Integrated video downlink system to enhance police airborne surveillance capabilities

Real-time airborne downlink (ADL) equipment is to be deployed by law enforcement agencies throughout the UK as part of a Home Office project to boost surveillance capabilities and enable accurate and timely decision-making.

Jan 28, 2015
By Paul Jacques

Real-time airborne downlink (ADL) equipment is to be deployed by law enforcement agencies throughout the UK as part of a Home Office project to boost surveillance capabilities and enable accurate and timely decision-making.

Fifteen aircraft are to be fitted with new integrated video downlink systems capable of transmitting live images from airborne assets to multiple receive sites. During joint operations, regional forces and national agencies will be able to access ADL images transmitted from aircraft using portable and handheld equipment, and also at regional command and control centres throughout the UK.

The ADL equipment from Vislink, a technology provider specialising in the collection, management and delivery of high-quality video and associated data, has been used by the Metropolitan Police Service (MPS) since 2006. With high-quality output and H.264 encoding, this latest equipment greatly improves transfer speeds compared to traditional analogue systems, increasing situational awareness at all levels.

“The ability to downlink live imagery from a helicopter to our ground units is the single most important piece of equipment we have. These high-quality images provide commanders with critical intelligence from the comfort of the screen in their control room or headquarters. They can deploy the right operational staff to the right place at the right time,” explained Inspector Richard Brandon, executive officer in the MPS Air Support Unit.

Vislink downlink solutions enable the MPS to share, distribute and record footage between aerial, surface and maritime fixed and mobile units, enabling more unified collaboration, more efficient use of resources and faster, better decision-making.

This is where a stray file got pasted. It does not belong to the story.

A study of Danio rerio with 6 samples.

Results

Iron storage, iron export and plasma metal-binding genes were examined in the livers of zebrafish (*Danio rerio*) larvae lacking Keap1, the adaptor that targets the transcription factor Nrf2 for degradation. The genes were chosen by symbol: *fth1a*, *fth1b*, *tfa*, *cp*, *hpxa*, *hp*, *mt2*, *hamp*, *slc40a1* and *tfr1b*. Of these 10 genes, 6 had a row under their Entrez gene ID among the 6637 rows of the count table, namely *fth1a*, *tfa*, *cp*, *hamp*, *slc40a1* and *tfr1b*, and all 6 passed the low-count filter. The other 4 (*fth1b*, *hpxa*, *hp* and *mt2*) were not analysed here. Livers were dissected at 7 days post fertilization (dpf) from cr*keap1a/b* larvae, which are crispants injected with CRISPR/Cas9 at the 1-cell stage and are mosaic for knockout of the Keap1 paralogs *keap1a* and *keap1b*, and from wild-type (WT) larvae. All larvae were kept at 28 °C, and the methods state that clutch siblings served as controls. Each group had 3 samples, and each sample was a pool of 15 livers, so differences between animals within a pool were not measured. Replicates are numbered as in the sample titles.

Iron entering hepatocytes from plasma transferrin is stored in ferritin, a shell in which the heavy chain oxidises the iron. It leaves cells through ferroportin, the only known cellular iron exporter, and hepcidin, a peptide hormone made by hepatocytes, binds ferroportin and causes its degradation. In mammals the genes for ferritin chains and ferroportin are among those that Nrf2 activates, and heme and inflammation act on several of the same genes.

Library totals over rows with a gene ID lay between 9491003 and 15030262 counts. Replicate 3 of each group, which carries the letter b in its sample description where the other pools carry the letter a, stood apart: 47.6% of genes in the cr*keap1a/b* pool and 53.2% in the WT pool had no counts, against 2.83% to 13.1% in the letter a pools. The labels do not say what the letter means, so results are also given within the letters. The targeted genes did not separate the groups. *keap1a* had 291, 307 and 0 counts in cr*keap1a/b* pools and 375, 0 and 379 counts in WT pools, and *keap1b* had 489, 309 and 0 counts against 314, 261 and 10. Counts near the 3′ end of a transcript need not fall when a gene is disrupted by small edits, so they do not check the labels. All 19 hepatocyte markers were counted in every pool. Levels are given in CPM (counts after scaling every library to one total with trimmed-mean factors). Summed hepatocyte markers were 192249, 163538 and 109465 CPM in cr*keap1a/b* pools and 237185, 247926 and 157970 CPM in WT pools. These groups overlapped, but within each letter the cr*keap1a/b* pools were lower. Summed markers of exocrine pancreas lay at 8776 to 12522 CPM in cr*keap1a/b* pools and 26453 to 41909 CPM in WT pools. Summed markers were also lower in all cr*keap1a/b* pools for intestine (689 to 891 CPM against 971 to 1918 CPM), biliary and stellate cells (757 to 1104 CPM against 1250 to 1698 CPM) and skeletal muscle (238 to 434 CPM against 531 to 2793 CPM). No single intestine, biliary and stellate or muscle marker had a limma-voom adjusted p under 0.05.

For example, the MPS says that when a firearms incident occurs and a police team has to enter a location to make necessary arrests and safeguard the area, the command unit can, using real-time images and video footage to assess the threat, keep officers updated and relay critical information to support services, such as ambulances on standby to treat possible casualties, so that everyone knows what is happening.

ADL equipment is now a standard part of every public order deployment by the MPS. As well as in critical incidents, it plays a central role in a variety of everyday policing requirements, such as improving surveillance and crowd control at major public events, simplifying traffic management and enabling better evidential collection for criminal investigations. Vislink downlink and handheld applications also overcome the barrier of blind-spots and video-freezing in metropolitan areas.

The MPS says this has had a significant effect on resources, saving money and allowing officers to be utilised more efficiently – all crucial in making London a safer city.

Insp Brandon said the new ADL upgrade project has delivered significant improvements, noticeable in terms of picture quality and stability, transmission range and security encryption.

“The new ADL system also lets us operate throughout the UK and we have already demonstrated the benefits of this interoperability during a recent multi-agency operation,” he added.

Tony Price, ADL project manager at Vislink, said the Home Office contract represented “a huge milestone” for the company, which has transferred its expertise from the broadcast sector into the surveillance and public safety markets.

Vislink’s ADL equipment is being deployed in fixed locations across several regions in the UK and the project is expected to be completed during the first quarter of this year.